One of the greatest names in the genre of rock and blues, Eric Clapton is a famous English guitarist, vocalist, songwriter and producer. If you’re a fan of rock, one of the few names that would pop into your head would be that of Clapton’s. Many people, to this day, hum the lyrics of his famous “Cocaine”. His discography contains several eponymous albums and other successful collections such as Slowhand, Money and Cigarettes and Reptile. This 18-time Grammy award recipient is the only artist who has been inducted into the ‘Rock and Roll Hall of Fame’ thrice. His expertise with the guitar can be approximated by the fact that Clapton is ranked second in Rolling Stone magazine's list of the "100 Greatest Guitarists of All Time" Furthermore, he also featured in the Time magazine's list of "The 10 Best Electric Guitar Players" at number five. Clapton also collaborated with various legends such as George Harrison, Blind Faith Delaney & Bonnie and Friends. After battling with alcoholism and drug addiction for years, he set up the Crossroads Centre in Antigua, which aimed at rehabilitation of substance abusers. Let us go through some of the popular quotes stated by this legend of Rock & Blues highlighting his thoughts and sayings.
Leave bands, go back to obscurity if I choose to, without a great sense of loss of security because it's all been based on the fact that I did it on my own or was doing, enjoying doing it on my own in the first place.
One summer I remember, I got exposed to Chuck Berry and Buddy Holly and Buddy Holly was a very very big, made a very big impression on me. Because of a lot of things, you know, the way he looked and his charisma.
I just like the company of beautiful women. I have a weakness in that department. And I suppose because I am fairly well off and a famous musician, I'm up for grabs. And that makes me an eligible bachelor in the press.
I think everybody has their own way of looking at their lives as some kind of pilgrimage. Some people will see their role as a pilgrim in terms of setting up a fine family, or establishing a business inheritance. Everyone's got their own definition. Mine, I suppose, is to know myself.
I remember hearing Sonny Terry and Brownie McGhee, Big Bill Broonzy, Chuck Berry and Bo Diddley and not really knowing anything about the geography or the culture of the music. But for some reason it did something to me - it resonated.
I sought my father in the world of the black musician, because it contained wisdom, experience, sadness and loneliness. I was not ever interested in the music of boys. From my youngest years, I was interested in the music of men.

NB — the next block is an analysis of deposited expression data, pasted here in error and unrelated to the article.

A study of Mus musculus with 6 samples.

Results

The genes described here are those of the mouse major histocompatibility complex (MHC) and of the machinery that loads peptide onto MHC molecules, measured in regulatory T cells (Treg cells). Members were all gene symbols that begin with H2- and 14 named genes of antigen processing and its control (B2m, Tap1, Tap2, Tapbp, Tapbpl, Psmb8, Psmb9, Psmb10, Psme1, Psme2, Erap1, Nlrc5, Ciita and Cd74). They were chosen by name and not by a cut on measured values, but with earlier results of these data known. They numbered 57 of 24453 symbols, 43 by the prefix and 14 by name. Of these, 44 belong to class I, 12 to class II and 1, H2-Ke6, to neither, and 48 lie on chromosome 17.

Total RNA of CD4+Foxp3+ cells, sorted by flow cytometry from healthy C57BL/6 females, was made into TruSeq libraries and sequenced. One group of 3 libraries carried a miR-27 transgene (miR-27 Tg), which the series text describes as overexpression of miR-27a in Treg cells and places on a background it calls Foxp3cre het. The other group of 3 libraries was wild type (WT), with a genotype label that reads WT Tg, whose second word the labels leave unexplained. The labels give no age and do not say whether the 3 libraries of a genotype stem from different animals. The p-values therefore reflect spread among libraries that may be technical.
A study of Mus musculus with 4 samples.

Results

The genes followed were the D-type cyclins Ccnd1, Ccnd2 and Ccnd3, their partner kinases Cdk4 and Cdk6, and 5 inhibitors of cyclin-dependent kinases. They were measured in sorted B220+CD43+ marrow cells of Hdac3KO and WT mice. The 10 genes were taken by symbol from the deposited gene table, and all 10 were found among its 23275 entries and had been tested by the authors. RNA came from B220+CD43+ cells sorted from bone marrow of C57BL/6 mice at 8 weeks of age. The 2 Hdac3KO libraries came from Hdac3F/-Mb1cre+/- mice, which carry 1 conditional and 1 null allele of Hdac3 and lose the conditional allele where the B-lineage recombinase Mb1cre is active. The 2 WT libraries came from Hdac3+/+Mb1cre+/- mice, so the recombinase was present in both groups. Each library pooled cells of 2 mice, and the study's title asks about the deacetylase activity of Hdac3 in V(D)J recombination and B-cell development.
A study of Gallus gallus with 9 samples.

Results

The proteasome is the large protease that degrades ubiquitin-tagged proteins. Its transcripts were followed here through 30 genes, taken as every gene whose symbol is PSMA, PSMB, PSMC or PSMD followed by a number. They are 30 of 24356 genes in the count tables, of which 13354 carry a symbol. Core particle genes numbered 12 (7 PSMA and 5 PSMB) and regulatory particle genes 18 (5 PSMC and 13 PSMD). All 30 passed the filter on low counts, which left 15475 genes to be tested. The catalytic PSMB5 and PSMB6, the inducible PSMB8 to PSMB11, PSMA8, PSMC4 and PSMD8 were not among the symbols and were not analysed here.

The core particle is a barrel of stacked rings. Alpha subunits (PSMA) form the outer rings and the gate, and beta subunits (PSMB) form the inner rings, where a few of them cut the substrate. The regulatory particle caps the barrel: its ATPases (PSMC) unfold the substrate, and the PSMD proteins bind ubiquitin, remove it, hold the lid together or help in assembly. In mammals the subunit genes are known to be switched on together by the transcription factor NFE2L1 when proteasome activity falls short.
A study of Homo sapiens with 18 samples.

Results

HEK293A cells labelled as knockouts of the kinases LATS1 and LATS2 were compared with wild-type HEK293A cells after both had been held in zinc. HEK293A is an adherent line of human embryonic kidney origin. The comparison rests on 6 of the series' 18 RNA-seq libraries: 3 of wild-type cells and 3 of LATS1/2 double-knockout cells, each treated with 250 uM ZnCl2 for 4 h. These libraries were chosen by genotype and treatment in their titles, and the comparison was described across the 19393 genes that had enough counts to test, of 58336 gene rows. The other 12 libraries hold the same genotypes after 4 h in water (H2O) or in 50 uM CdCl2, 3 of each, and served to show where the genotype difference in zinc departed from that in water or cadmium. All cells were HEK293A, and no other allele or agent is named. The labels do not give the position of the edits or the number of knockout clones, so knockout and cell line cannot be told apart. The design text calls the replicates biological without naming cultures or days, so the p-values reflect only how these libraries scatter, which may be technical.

I listened to King Oliver and I listened to Louis Armstrong, Jelly Roll Morton, Thelonious Monk, Charles Mingus, John Coltrane, Archie Shepp... I listened to everything I could that came from that place that they call the blues but, in formality, isn't necessarily the blues.
Very much like that, and very much a loner, do you know and I didn't fit really into sport or all kind of group activities as a kid, I couldn't find a niche. And music was not really part of the kind of village curriculum it would, you know.
I used to do crazy things that people would bail me out of, and I'm just grateful that I survived. But the music got very lost; I didn't know where I was going, and I didn't really care. I was more into just having a good time, and I think it showed.
When all the original blues guys are gone, you start to realize that someone has to tend to the tradition. I recognize that I have some responsibility to keep the music alive, and it's a pretty honorable position to be in.
I think everybody has their own way of looking at their lives as some kind of pilgrimage. Some people will see their role as a pilgrim in terms of setting up a fine family, or establishing a business inheritance. Everyone's got their own definition.
I'm not a big fan of lead vocalists, people who sing but don't play. I never wanted to be in a band where the guy who was up front just sang. I've always thought it better when one of the musicians sings, like Steve Winwood.
From the beginning, I knew intuitively that if nothing else, music was safe, and that nobody could tell me anything about it. Music didn't need a middleman, whereas all the other things in school needed some kind of explanation.
Yeah, it is, because it's a real discovery of your inner resources, you know. That's what my character is all about and what my playing is all about. But to get up there and just go inside and draw out something that makes you feel good first and foremost.
I did play a lot of fingerstyle when I first started playing. I could never really find the right combination of flatpick or fingerpick, so playing fingerstyle is really the easiest way - though it's quite strenuous on the fingertips.
I just managed to convince my grandmother that it was a worth while that was something to do, you know, and when I did finally get the guitar, it didn't seem that difficult to me, to be able to make a good noise out of it.
The first guitar I ever had was a gut-string Spanish guitar, and I couldn't really get the hang of it. I was only 13, and I talked my grandparents into buying it for me. I tried and tried and tried, but got nowhere with it.
Oh yeah, I mean, it wasn't a very good guitar, most good guitars have got thrust rods in the necks that you can adjust or that'll keep them in shape, you know keep them straight. This one just, well it turned into a bow and arrow after a couple of months.
I feel a real need to observe a level of propriety in what I'm handing out. Instead of me just venting or spilling my guts, I've got to consider how it's going to affect people. How it's going to affect me, as well. Because it's like a cycle.